Senator Chuck Grassley

Senator Chuck Grassley

As Europe struggles to handle an influx of hundreds of thousands of refugees who are fleeing war and oppression, Iowa Senator Chuck Grassley sees it as an opportunity for Iowa and the United States to show compassion. Grassley, a Republican, says Iowa stood out as a global leader in taking in those who have needed our help in decades past and we need to do so again.

“When it’s humanitarian, in particular where people’s lives are in danger, nothing has changed of Americans’ attitude,” Grassley says. “I know we even did it after World War II but the ones that get the most attention are the Vietnamese ‘boat people’ of the 1970s and early 80s.” Iowa’s then-Governor Robert Ray visited Asian refugee camps in 1975 and offered to accept thousands of the so-called “boat people” who had been driven out to sea by the Vietnamese government, the first American leader to do so.

The latest crops of refugees are fleeing warfare in nations like Syria, Iraq and Afghanistan. Statements by some presidential candidates have stirred up anti-immigrant feelings for some Americans, but Grassley says people who are fleeing Middle Eastern nations due to the violence need to be offered a safe haven. “I think we’re prepared to accept some more refugees,” Grassley says. “I’m not speaking just about Iowa because I don’t think I want to single Iowa out for any particular numbers, any more than any other state, but for the country as a whole, yes.”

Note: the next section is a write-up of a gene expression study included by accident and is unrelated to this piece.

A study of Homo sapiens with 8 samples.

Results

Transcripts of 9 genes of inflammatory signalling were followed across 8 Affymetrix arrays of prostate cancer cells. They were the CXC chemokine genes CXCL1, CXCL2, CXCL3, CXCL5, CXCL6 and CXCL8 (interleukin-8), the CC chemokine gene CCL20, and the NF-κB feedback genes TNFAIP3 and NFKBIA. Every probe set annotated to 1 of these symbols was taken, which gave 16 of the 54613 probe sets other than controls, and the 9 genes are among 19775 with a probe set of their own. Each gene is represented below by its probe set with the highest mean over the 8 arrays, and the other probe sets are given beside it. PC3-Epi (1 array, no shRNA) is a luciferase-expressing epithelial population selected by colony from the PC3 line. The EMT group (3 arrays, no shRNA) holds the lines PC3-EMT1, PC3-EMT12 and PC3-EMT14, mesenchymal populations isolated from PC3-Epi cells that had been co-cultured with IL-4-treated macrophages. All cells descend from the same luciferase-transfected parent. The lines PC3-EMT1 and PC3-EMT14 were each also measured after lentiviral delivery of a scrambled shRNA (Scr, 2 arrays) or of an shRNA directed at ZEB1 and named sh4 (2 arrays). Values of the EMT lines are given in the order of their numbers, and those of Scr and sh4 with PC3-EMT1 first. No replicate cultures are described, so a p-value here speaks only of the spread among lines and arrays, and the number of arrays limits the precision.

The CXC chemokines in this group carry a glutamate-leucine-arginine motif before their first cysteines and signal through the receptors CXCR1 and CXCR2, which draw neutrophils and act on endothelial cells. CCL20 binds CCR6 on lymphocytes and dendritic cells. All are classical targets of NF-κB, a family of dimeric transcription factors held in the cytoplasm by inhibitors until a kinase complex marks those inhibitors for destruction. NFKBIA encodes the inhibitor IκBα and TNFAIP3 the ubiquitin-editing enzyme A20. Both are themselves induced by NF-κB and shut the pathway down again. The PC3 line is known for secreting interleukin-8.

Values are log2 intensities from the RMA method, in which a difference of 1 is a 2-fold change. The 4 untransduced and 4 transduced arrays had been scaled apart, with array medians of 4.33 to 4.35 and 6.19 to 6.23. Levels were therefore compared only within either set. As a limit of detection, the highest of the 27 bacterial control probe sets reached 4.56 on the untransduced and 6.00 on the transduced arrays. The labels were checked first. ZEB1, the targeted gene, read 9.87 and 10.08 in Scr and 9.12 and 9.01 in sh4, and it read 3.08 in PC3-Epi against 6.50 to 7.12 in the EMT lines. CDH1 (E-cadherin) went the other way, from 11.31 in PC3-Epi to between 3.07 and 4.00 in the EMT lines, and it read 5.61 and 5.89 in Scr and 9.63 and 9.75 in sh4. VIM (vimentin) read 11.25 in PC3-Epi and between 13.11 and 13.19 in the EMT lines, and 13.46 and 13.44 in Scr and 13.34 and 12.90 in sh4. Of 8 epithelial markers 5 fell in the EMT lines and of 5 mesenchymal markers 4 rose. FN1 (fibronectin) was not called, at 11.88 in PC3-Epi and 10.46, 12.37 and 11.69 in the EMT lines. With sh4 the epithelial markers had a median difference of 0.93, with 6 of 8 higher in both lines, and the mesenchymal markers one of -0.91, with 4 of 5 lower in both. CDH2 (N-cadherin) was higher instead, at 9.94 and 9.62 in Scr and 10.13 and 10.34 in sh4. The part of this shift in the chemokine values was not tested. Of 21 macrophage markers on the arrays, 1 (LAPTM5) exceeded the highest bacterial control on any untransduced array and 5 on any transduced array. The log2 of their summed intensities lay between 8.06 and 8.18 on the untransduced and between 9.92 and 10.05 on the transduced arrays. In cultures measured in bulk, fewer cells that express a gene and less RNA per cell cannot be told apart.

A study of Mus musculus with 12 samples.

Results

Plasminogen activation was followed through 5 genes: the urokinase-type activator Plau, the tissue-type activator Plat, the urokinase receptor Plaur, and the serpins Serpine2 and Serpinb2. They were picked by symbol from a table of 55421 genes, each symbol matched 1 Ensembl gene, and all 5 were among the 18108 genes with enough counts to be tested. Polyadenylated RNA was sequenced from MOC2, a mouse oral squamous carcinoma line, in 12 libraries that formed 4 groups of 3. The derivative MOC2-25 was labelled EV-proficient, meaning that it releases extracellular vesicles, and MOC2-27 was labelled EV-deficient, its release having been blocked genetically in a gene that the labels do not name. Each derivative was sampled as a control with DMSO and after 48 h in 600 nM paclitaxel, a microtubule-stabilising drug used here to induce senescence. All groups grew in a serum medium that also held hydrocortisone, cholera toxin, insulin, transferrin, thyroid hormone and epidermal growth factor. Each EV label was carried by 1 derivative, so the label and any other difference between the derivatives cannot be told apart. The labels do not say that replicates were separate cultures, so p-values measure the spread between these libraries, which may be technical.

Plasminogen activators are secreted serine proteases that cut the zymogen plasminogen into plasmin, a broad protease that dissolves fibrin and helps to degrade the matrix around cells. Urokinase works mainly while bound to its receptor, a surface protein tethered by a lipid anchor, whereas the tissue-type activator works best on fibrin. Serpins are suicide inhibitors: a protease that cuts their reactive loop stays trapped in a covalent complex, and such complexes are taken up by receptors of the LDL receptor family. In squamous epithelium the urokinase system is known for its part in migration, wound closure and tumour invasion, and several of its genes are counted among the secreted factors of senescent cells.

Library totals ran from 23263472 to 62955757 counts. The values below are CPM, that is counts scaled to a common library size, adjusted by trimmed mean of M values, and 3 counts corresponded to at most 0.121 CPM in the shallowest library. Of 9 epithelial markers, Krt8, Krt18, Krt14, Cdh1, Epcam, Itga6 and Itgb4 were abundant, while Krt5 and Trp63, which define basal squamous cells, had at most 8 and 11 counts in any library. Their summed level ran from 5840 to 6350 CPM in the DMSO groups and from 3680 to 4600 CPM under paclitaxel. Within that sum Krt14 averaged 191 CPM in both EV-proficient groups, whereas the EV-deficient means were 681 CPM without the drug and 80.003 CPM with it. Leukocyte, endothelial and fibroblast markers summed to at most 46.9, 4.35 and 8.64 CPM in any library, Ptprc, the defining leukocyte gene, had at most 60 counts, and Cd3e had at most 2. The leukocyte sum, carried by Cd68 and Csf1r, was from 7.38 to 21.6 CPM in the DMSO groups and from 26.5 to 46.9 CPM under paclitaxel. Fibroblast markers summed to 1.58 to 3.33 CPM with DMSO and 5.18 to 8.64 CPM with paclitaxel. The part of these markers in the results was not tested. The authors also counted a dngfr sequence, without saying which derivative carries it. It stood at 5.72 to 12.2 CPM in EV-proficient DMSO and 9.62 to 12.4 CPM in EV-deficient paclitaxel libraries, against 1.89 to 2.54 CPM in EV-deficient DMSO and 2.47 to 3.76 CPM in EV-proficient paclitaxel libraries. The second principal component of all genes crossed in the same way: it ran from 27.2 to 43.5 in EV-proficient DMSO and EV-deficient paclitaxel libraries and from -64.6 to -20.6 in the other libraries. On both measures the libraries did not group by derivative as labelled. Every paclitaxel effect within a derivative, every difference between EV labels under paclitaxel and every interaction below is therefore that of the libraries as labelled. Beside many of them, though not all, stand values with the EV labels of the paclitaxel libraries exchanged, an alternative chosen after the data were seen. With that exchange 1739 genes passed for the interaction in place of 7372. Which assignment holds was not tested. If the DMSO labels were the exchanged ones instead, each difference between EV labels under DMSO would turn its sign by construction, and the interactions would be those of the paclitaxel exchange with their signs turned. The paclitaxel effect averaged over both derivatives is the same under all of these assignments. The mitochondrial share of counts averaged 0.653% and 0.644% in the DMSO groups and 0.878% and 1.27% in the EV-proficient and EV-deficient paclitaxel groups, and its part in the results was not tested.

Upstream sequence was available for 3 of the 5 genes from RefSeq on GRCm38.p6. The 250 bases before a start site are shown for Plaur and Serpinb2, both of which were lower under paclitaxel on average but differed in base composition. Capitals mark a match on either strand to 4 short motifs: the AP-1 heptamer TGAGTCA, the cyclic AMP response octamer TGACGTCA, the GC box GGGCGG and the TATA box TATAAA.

While Grassley favors offering our nation as sanctuary with open arms to the masses fleeing war, he says we need to do so with our eyes wide open as well. “Since the jihadists of the Middle East have threatened to use any means possible to kill Americans and Western Europeans, both continents ought to be very careful who they let in,” Grassley says. “Somebody will use the refugee situation to get some real rabble rousers into our country who want to do damage.”

France and the UK agreed on Monday to take in a combined 44-thousand migrants, the biggest numbers since the end of the last world war, while Germany has agreed to accept up to 800-thousand by the end of this year. Grassley says the U.S. should help in proportion to what other countries are doing. The U.S. has made no commitments to taking in refugees but is sending billions in humanitarian aid.